Monday, October 14, 2013


Fact: Of the 313 million people in the United States, only one thousand and three of those American citizens are U.S. Figure Skating Judges. That's just 0.0003% of the entire population.

Because we're a small group, there is a sense of family among figure skating officials due to the hours and hours we spend together, our shared experiences in the officials' room (what happens in the officials' room, stays in the officials' room), and our love of the sport. I've been a judge since 1996 and in those 17 years, I have made many, many friends from all over the country. 

I was only a few years into my judging career when, as I looked around an officials' room and saw the span of generations, I began to wonder what it was going to be like when the senior generation started to pass away. You don't want to think about that stuff, but I am Irish and thoughts like that are part of my genetic make-up.  

If I consider all U.S. officials family, I think of the Minnesota officials as my immediate family. We have watched as some of our officials have battled cancer and others fade away because of Alzheimer's disease and old age. We had time to say goodbye and many of them had the opportunity to say goodbye to us. 

But my Minnesota family recently suffered a loss that we weren't prepared for when Marlys Larson passed away.  I had just been at a competition in Madison, Wis., with Marlys three weeks earlier and she was healthy. There is nothing that stands out from that day that would have made me think her days were numbered.  Since I knew that her mom had lived past the age of 100, I was pretty sure Marlys would outlive me. 

But one week later, Marlys suffered aortic dissection while in Iowa for a dog show (more on that topic later). She had surgery and seemed to have come out of the surgery fine. I was thinking, 'well, she'll rally back from this.' Then five days after the surgery, she started having strokes and I went from thinking that 'she'll rally back from this' to 'it might take her a bit longer to rally back from this.' The next day, I learned that they had found bleeding in her brain and all they could do was to make her comfortable until the end. I, as well as many others in our family, were not ready to accept that she wouldn't survive this. She passed away early morning on October 5th. 

Since I hadn't grown up in the Twin Cities, I didn't know of Marlys before I started judging except that she was the mother of one of the coaches at my club. In getting to know Marlys, I discovered she was a dog lover and showed dogs. My immediate assumption was prejudiced by painting Marlys as an 'Edina housewife' and I figured she showed poodles or some fancy breed. I was floored when I learned that Marlys' dog of choice was the slobbery Saint Bernard. It was her passion outside of figure skating and I always enjoyed hearing stories of Axel and Linus.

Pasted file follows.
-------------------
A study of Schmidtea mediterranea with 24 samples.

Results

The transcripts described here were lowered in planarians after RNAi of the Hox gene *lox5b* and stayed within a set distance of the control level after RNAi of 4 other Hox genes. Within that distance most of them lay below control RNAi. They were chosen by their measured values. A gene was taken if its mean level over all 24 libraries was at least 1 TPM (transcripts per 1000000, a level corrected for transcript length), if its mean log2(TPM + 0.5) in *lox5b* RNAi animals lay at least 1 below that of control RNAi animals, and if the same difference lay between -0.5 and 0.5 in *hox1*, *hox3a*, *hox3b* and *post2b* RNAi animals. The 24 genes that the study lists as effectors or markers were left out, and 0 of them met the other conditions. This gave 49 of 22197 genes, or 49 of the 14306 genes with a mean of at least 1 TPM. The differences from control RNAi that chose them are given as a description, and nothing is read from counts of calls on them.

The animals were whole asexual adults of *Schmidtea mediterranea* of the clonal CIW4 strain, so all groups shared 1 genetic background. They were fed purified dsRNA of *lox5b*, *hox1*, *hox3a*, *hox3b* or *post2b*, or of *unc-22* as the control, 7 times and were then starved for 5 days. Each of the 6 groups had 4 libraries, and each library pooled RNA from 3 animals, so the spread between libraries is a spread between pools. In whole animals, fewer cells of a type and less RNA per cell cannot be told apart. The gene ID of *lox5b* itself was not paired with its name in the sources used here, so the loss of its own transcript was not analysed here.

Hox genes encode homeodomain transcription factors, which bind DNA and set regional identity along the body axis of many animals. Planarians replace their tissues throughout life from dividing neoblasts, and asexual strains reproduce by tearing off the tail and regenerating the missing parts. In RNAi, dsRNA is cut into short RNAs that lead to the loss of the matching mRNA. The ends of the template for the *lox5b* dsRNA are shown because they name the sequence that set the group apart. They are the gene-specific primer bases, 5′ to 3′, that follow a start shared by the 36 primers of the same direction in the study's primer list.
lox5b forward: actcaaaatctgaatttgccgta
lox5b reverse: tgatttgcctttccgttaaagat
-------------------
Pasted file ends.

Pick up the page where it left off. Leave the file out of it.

As we said goodbye to her this past Saturday at the Lakewood Memorial Chapel in Minneapolis. we were surrounded by beautiful mosaics of four strong women (Love, Hope, Memory (in the photo) and Faith) and it seemed very appropriate for a celebration of Marlys' life. If there was one word that describes Marlys, it is strength. 

Now, just like in blood families, Marlys and I argued about a lot of topics and there were many times that we drove each other crazy. We shared the "blunt talking gene." But we also had many times when worked very well together. During her first term as President of Twin City Figure Skating Association, I served as the secretary. During those four years, I spent more time with Marlys than I did with my own mother. 

And as much as we argued, I never lost respect for her as a judge. She knew the rulebook inside and out and she was the one person you wanted to be around when the judges' exam was out. (it was open book, so we weren't cheating) Marlys was also a monitor for new judges and she was always generous with her time. Equally so, Marlys provided skaters and coaches with great feedback and many sought out her opinion. These judges and skaters will be part of her legacy to the skating community. She is going to be missed.  

Friday, October 4, 2013

Happiness is
The Charlie Brown musical has a song called, "Happiness is..." that tells us that Happiness is two kinds of ice cream and so on. 


I had a new one yesterday when exchanging views with someone. 

Happiness is 
the smile that comes across your face 
and the sense of satisfaction you get 
when you realize that you made the right decision thirty-some years ago, 
after consuming too much alcohol, 
standing a frat house porch, 
when you said no.

So maybe not the Charlie Brown musical as much as the Lion King and the "Circle of Life."